How should state policymakers approach e-cigarettes?
One of the questions of economics teaches you to ask is ‘compared to what?’ Someone might tell you that a job paying $10 an hour is bad, but, any reasonable…
The federal Tax Cuts and Jobs Act (TCJA), passed in December, was the largest reform of the federal tax code since 1986. In what has become known as ‘tax conformity’, Minnesota’s legislators worked this session to pass a bill which would bring the state tax code into line with the new federal one.
And today Governor Mark Dayton vetoed it.
How will ordinary Minnesotan’s be impacted by Gov. Dayton’s veto?
Next year, Minnesota’s taxpayers will have to fill out a 2018 federal income tax form, a Minnesota-only tax form based on the old federal tax code, and a Minnesota tax form. Economist John Spry explains that the situation would become so complex that “the Minnesota Department of Revenue has not yet counted how many lines would be added to our tax forms.” An estimated 800,000 Minnesotans would end up paying $850 million dollars in extra taxes.
Why did Gov. Dayton veto the tax bill?
Gov. Dayton’s office explained that the bill “put powerful special interests, multinational corporations, and the rich ahead of Minnesota schoolkids and families.” But a look at the tax bill doesn’t support this at all.
On the corporate side, the bill reduces the corporate income tax rate from 9.8 percent to 9.65 immediately, then to 9.1 percent in 2020. Minnesota would go from having the third highest rate of corporate income tax in the United States to having the sixth highest.
It also repeals the corporate alternative minimum tax (AMT). Minnesota is one of only eight states to have this and it does little apart from adding unnecessary complexity to the tax code. When the Department of Revenue last published a corporate income tax bulletin about a decade ago, it estimated that the corporate AMT brought in just 1 percent of state corporate income tax revenue. Indeed, this sensible measure was originally proposed by a DFL Senator, Ann Rest.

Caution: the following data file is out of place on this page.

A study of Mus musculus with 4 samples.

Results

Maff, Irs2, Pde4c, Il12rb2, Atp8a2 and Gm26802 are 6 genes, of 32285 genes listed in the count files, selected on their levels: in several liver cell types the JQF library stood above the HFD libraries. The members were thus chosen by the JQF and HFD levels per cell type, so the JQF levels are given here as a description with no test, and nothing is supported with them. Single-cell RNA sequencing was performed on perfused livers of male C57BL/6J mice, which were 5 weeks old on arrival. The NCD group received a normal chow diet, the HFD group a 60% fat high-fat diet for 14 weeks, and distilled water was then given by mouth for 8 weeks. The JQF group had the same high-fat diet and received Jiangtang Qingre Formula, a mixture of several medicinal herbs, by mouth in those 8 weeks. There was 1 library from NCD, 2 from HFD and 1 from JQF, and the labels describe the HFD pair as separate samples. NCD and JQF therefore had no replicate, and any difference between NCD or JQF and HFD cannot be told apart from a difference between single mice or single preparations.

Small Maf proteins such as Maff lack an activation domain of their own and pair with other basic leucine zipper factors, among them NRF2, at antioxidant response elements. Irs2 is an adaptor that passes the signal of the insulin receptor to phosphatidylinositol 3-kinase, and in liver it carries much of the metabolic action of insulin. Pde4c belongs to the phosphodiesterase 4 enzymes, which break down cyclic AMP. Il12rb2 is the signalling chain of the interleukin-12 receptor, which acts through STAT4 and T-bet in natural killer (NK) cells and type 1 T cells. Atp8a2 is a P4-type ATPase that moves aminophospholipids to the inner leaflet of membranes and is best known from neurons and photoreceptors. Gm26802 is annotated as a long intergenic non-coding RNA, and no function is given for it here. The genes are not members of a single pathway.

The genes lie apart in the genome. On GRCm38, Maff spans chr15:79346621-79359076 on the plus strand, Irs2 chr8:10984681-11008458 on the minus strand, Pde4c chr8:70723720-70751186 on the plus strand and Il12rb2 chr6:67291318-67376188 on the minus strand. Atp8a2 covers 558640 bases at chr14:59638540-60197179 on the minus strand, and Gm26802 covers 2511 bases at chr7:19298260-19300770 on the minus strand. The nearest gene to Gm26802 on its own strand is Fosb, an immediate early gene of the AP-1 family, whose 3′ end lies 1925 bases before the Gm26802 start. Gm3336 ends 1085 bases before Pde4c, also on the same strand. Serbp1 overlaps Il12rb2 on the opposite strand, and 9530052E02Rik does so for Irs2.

The bill also conforms Minnesota’s tax code to the increased Section 179 federal expensing amounts. This allows businesses to deduct the full purchase price of qualifying equipment and/or software purchased or financed during the tax year from their gross income, reducing their tax liability. It incentivizes businesses to invest. This raises capital per worker, worker productivity, and wages.
On the individual side, the bill reduces the two lowest state income tax rates – 5.35 and 7.05 percent – to 5.3 and 6.95 percent immediately and to 5.25 percent and 6.85 percent in 2020. After these cuts, Minnesota’s lowest rate of income tax – which is currently higher than the top rate in 23 states – will be higher than the top rate in 22 states. The bill leaves the top rate of income tax, which is the fourth highest in America, completely untouched.
How can Gov. Dayton have concluded that this bill puts “powerful special interests, multinational corporations, and the rich ahead of Minnesota schoolkids and families”? It simply does not include the handouts to corporate fat cats and “the rich” Gov. Dayton claims it does.
For whatever reason, Gov. Dayton is willing to impose the chaos and cost of no tax conformity on ordinary Minnesotans. Remember that next tax season when you’re filling out more forms to pay more tax. Of course, by then, Gov. Dayton will be gone.
John Phelan is an economist at the Center of the American Experiment.